Here’s a draft of the consumer privacy “Bill of Rights” act Obama wants to pass

The White House has released a draft of the Consumer Privacy Bill of Rights Act of 2015. It outlines the steps companies need to take to tell people what data they’re collecting and what they’re doing with that information. It also suggests data opt-out options for identifying details like email addresses and passport numbers. The bill also mandates that companies give people information about how they store the data they collect, for how long, and how consumers can view those details.

Here are some of the key points:

  1. Employee data is excluded from these disclosure requirements, as is information collected to fend off a cybersecurity threat.
  2. Companies must give people information for who they can contact at the organization regarding any privacy questions.
  3. If a person withdraws his or her consent for data collection, the company has 45 days to delete the specific information on the user.
  4. Companies need to thoughtfully design their privacy notifications for users, considering everything from the size of the device displaying the notification to the timing when these notices appear.
  5. Companies must delete user data after it has fulfilled its purpose.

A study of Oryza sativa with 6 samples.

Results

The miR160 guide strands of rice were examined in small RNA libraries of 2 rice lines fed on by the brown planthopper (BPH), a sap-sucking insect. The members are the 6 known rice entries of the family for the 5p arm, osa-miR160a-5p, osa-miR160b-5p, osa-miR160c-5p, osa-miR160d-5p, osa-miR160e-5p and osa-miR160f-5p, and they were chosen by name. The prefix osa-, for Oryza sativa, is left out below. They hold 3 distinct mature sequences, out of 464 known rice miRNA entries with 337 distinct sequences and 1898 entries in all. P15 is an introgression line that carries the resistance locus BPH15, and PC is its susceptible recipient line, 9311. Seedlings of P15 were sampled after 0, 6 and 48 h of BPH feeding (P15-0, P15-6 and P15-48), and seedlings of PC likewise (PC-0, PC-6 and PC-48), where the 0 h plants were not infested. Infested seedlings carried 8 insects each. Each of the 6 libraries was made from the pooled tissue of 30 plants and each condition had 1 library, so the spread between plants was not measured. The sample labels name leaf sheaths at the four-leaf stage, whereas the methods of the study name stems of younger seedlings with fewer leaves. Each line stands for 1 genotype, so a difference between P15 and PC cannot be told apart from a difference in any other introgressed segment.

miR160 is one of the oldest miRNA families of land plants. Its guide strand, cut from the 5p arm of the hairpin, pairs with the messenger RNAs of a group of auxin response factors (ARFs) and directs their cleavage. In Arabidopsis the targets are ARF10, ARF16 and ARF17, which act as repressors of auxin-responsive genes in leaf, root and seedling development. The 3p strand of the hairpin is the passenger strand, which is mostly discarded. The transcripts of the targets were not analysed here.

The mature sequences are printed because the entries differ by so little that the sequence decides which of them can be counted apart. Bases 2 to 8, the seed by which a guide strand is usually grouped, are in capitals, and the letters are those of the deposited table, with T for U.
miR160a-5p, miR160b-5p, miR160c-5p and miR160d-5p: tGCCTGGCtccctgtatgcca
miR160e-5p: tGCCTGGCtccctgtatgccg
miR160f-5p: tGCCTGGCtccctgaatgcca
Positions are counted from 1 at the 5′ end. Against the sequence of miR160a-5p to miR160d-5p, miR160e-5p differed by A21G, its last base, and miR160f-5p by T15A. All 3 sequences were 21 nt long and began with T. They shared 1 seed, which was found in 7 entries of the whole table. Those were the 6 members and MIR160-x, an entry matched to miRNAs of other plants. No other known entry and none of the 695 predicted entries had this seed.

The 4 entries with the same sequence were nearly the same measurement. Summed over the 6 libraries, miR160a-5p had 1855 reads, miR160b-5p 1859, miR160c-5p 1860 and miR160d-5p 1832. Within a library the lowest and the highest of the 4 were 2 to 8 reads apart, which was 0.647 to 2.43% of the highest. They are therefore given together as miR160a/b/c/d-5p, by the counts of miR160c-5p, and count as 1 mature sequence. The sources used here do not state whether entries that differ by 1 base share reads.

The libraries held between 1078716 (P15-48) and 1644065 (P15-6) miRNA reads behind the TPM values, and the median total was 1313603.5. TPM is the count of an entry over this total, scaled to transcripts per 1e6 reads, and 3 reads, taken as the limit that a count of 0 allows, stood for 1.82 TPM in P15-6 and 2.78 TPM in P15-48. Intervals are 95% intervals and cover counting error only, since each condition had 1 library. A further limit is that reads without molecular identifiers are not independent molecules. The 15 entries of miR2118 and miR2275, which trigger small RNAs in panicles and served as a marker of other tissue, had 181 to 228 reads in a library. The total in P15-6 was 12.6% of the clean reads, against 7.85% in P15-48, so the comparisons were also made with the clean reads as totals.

6. Smaller businesses which have five or fewer employees are exempt from these requirements.

There’s plenty more to parse in the 24-page document, which is chock-full of words like “clear” “transparent” and “individual control.” Some politicians have already spoken out against the draft, saying it puts consumers at risk by lessening, not increasing their protections. The Hill reported that one Democratic official argued that the White House’s bill takes away some of the Federal Trade Commission’s power to prosecute companies that abuse consumer data.

This is an early draft that will go through several revisions before being voted on by the House and Senate. If passed, it will hold tech companies accountable for the way they treat consumer privacy. The FTC, state attorney generals, and people who use the technology will have the power to bring civil suit against those organizations that violate the bill.